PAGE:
Aug 21, 2002
This demonstration took place during the grand opening celebration of Seagate's new 200,000 square foot, state of the art research centre, located in Pittsburgh, PA.
HAMR, combined with self-ordered magnetic arrays of iron-platinum particles, is expected to break through the so-called superparamagnetic limit of magnetic recording by a factor of more than 100 to ultimately deliver storage densities as great as 50 terabits per square inch. This will provide the capability for people to store the entire printed contents of the US Library of Congress on a single disc drive in their notebook computers.
Seagate's HAMR technology is also designed to achieve its high areal densities at a cost structure that is in line with the hard disc drives of today, making HAMR a key enabling technology that will allow the adoption of mass storage to continue to enter various emerging markets.
"With this demonstration of HAMR, Seagate has offered us a glimpse of future magnetic recording technology. Technologies such as HAMR will continue to keep disc drives as the preferred mass storage device for mainstream computing for many years to come," said Dave Reinsel, Research Manager at IDC. "Offerings that compete with traditional magnetic recording must not only be able to achieve the fast performance, high capacities and reliability found in today's disc drives, but must also be priced competitively. Seagate's HAMR technology has the potential to maintain a competitive balance of these attributes, thus paving the way for the integration of this new technology."
Seagate Research has worked on HAMR technology, as well as various other storage technologies, since it was established in a temporary research facility in 1998. Last year, the US Department of Commerce's Advanced Technology Programme recognised the impact that HAMR will have on storage, and awarded Seagate and its research partners a grant worth more than US$10 million over five years. Seagate's forward-thinking strategy with R&D has enabled the company to achieve its leadership position consistently in all markets served by Seagate.
"Seagate's leadership position can be attributed to an ongoing commitment to investment in research and technology development, which provides us with time-to-market products for our customers," said Steve Luczo, Seagate Chief Executive Officer. "By providing leadership products that give our customers a significant competitive advantage, we have strengthened our strategic relationships with the industry's leading technology providers."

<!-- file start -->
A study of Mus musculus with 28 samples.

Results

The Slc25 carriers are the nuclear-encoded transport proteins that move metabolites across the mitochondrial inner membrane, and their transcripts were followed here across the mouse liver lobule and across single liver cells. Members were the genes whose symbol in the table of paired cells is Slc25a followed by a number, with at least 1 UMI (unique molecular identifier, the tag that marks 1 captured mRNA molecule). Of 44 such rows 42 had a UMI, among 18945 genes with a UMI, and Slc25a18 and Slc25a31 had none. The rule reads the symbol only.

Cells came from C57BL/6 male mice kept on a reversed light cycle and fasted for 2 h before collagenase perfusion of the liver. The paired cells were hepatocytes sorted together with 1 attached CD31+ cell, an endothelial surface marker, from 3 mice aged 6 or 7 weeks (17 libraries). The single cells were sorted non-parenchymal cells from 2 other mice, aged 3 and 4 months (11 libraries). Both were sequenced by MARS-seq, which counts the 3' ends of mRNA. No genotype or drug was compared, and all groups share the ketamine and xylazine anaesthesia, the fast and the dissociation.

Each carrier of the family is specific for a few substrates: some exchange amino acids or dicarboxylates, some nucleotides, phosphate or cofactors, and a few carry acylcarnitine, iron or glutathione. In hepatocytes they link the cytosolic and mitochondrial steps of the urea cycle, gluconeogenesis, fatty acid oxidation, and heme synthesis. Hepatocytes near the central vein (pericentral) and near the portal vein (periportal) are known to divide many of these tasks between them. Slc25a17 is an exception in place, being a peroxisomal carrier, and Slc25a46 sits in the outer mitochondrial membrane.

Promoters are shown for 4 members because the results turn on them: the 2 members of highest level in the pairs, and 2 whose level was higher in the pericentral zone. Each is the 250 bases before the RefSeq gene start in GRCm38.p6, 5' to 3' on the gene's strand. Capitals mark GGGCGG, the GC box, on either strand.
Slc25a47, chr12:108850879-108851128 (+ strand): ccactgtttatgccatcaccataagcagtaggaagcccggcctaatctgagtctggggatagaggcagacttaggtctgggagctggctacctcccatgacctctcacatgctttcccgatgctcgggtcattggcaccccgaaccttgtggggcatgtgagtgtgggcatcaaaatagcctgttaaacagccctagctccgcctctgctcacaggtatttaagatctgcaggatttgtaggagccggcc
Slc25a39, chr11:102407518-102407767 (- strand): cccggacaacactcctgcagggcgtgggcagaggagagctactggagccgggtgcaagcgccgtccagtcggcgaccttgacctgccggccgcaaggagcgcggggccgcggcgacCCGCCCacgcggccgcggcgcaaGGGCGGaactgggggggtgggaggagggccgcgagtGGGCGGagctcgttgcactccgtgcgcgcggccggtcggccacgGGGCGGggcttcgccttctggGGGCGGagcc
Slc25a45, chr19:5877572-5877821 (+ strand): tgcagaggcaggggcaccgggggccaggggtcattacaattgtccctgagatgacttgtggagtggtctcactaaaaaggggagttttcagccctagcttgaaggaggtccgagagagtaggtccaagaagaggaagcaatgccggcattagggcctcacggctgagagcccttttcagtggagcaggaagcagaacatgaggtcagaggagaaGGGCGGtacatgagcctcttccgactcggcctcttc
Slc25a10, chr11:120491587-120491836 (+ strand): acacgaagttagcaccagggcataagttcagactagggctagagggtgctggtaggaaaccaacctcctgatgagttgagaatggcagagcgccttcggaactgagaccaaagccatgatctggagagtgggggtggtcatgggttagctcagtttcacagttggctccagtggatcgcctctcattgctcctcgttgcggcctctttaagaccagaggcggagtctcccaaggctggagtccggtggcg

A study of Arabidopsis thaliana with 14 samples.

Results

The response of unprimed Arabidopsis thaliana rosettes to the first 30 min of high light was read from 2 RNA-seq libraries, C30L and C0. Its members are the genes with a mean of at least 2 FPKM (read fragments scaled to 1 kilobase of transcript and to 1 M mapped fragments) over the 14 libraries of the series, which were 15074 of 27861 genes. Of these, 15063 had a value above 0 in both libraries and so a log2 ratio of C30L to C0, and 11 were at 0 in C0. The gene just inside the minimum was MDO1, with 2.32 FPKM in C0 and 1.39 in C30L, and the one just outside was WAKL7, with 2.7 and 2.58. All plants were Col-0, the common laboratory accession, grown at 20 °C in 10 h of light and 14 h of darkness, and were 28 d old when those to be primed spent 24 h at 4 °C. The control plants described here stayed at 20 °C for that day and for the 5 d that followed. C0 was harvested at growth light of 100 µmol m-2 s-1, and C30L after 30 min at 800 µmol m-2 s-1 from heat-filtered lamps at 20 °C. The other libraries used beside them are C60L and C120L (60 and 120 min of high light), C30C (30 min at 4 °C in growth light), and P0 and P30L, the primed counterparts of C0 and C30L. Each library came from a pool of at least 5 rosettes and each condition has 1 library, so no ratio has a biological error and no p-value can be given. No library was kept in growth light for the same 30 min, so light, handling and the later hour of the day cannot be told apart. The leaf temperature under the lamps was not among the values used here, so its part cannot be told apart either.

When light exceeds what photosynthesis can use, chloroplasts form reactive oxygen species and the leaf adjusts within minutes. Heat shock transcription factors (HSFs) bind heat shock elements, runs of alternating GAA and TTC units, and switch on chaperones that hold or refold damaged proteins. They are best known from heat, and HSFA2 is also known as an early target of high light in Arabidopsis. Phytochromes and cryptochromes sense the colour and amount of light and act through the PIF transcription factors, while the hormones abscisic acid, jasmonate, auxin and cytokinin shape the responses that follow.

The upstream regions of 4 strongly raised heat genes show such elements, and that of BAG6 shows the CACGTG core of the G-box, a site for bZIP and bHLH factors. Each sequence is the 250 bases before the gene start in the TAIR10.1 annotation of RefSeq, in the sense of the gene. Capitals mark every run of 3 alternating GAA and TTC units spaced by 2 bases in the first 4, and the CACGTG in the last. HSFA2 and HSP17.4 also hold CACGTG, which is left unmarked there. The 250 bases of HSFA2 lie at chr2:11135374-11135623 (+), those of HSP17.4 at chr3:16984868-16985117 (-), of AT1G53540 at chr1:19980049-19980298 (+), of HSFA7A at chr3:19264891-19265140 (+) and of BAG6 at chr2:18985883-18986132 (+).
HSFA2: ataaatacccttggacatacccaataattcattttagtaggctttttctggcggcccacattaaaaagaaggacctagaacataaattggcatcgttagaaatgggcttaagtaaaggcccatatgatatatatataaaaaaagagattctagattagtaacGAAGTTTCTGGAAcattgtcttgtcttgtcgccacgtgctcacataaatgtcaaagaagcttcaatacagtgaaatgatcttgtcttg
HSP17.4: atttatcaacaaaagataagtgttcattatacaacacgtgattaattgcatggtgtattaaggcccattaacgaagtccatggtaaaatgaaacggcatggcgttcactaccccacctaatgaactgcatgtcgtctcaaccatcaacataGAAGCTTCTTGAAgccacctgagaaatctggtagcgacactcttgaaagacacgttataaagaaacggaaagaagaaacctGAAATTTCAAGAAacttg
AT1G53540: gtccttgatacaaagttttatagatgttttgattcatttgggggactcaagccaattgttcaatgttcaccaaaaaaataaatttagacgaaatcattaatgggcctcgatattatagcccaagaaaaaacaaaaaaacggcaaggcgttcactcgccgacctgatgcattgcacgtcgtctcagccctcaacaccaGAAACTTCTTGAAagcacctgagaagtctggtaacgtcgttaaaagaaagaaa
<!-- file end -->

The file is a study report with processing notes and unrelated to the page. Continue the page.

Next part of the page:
The Need for HAMR: How it Works
HAMR technology will significantly extend the capacity of modern magnetic disc drives that use magnetic heads to read and write digital data on to spinning discs. If the storage density (the number of data bits stored on a given disc surface) continues its phenomenal growth rate, within the next five-to-ten years the data bits will become so small that they may be magnetically unstable due to a phenomenon known as superparamagnetism. The solution is to use a more stable medium; however, today's magnetic heads are unable to write data to such media. HAMR solves this problem by heating the medium with a laser-generated beam at the precise spot where data bits are being recorded. When heated, the medium becomes easier to write to, and the rapid subsequent cooling stabilises the written data. The result of this heat-assisted recording is a dramatic increase in the recorded density that can be achieved.
A Series of Firsts: Seagate's Tradition of HDD Technology Leadership
Over the years, Seagate has achieved numerous technology breakthroughs, holding key patents for many of the most significant technologies used in storage today.
From the introduction of the world's first 7,200-rpm, 10K-rpm and 15K-rpm disc drives, to setting several areal density records in storage, the most recent reaching more than 100Gb per square inch, Seagate is widely recognised for its technology leadership. Its industry "firsts" also include the successful use of Fluid Dynamic Bearings in hard disc drives, more than five years before any competitor could attempt to implement the technology. The use of Rotation Vibration (RV) sensors was also developed and introduced into products first by Seagate, enabling enterprise disc drives used in mission-critical environments to perform optimally even in the most challenging conditions.